The Kilpatrick era, which distracted and divided Detroit and Michigan for a decade, is over, and the city must move forward. But healing won’t be easy.
Despite the media frenzy that followed the verdict, it was a sad day for Detroiters. Many of them defended their once-promising native son to the end. One juror, who twice had voted for Mr. Kilpatrick for mayor, spoke for many Detroiters when she said that what she learned over the past six months turned her stomach.
The rise and fall of Mr. Kilpatrick, now 42, represents an American tragedy of wasted potential. The son of former Congressman Carolyn Cheeks Kilpatrick, Mr. Kilpatrick became the city’s youngest mayor in 2001, rising to power on the fervent hopes of Detroiters, young and old.
He was smart, charismatic, and brash, wearing a winning smile, a broad-brimmed fedora, and a diamond stud. Beneath the flash were the extraordinary political skills that previously made him the first African-American House minority leader in the Michigan Legislature.
During the 2001 campaign, he seduced more than Detroit’s voters. He became the darling of the city’s media and of the region’s economic power brokers.
But Mr. Kilpatrick couldn’t handle his own power. The city he genuinely loved became a personal playground. His arrogance grew as reports of lavish spending, late-night parties, bribes, payoffs, and sexual liaisons piled up.
Despite the heat, Mr. Kilpatrick maintained his swagger and an almost eerie air of invincibility. As the verdict was read on Monday, Mr. Kilpatrick appeared stunned. To the end, he thought he was untouchable.
The federal jury found Mr. Kilpatrick guilty of 24 of the 30 charges against him. But he was not responsible for ruining Detroit, even though his scandal-plagued administration gave people in Michigan another misguided and self-defeating excuse to ignore the city’s plight. In truth, Mr. Kilpatrick’s administration made progress on transportation, public safety, and economic development.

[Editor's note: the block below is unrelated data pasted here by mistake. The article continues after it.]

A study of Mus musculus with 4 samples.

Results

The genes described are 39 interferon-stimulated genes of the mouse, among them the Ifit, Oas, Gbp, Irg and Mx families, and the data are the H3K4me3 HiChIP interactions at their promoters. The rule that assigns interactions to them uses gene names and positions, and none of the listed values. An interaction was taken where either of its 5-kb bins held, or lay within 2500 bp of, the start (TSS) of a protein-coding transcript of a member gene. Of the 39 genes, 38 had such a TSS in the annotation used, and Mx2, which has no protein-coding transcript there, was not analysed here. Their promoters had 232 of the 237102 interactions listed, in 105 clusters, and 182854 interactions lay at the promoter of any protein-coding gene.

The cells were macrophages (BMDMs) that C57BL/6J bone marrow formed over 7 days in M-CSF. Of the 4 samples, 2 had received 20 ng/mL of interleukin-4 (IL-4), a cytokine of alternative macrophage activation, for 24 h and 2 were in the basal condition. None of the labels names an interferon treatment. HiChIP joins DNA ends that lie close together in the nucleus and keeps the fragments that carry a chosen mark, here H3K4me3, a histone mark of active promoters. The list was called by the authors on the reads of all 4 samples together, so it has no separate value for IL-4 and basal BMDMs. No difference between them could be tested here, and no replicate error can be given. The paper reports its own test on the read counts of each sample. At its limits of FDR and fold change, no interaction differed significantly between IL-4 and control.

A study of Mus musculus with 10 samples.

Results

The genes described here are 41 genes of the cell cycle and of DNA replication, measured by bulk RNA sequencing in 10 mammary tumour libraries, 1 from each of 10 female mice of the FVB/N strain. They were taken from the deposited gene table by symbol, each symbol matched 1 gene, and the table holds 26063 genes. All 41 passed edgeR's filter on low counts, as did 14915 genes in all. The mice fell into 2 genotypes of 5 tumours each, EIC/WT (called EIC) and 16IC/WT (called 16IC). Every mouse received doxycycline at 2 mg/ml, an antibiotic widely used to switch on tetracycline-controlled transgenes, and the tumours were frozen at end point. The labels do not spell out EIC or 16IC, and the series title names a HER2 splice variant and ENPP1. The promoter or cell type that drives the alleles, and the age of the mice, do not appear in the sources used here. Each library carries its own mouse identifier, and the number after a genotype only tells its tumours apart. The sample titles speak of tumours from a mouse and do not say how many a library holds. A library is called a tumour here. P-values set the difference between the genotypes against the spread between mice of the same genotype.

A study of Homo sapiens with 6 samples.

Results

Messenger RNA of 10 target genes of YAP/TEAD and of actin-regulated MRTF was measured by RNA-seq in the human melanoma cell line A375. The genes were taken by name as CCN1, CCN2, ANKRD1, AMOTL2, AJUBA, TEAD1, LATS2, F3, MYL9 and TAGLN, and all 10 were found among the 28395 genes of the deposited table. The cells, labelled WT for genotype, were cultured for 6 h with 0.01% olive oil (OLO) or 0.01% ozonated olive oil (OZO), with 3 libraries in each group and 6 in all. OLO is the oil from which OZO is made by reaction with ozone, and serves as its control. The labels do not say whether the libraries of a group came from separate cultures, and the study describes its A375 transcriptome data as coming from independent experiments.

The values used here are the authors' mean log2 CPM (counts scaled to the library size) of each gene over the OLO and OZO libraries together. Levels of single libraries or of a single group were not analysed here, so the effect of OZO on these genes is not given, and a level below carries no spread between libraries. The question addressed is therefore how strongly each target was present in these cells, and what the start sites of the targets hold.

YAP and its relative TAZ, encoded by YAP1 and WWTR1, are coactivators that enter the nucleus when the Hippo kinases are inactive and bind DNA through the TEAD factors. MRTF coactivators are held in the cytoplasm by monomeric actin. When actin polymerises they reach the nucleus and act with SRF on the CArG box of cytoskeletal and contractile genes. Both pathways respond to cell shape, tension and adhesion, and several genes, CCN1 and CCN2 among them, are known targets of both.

The flight of people and capital that has turned large swaths of Detroit into a wasteland started 60 years ago, and continues today. The corruption and excesses that defined the Kilpatrick era have been a far easier story for media to tell than the complex economic and social issues that have vexed Detroit and every other urban area in America — including Toledo — for the past half century.
Even after he quit under pressure in 2008, Mr. Kilpatrick continued to divide the city and shape its media coverage and national image. Detroit’s current mayor, Dave Bing, complained in 2011 that controversy over Mr. Kilpatrick was overshadowing his administration’s progress.
Mr. Kilpatrick faces 20 years or more in prison. Federal prosecutors sent a message: Public corruption will not be tolerated, and public servants will be held accountable to the highest standards.
Meanwhile, Detroit still faces bankruptcy, the continued exodus of 15,000 residents a year, a failing public school system, and some of the nation’s highest poverty and crime rates. One third of the city’s land is empty.
As people in Detroit and Michigan turn their attention to resolving the city’s crushing problems, they cannot allow Mr. Kilpatrick to divide and distract them any longer. It’s time to say farewell to a troubled era.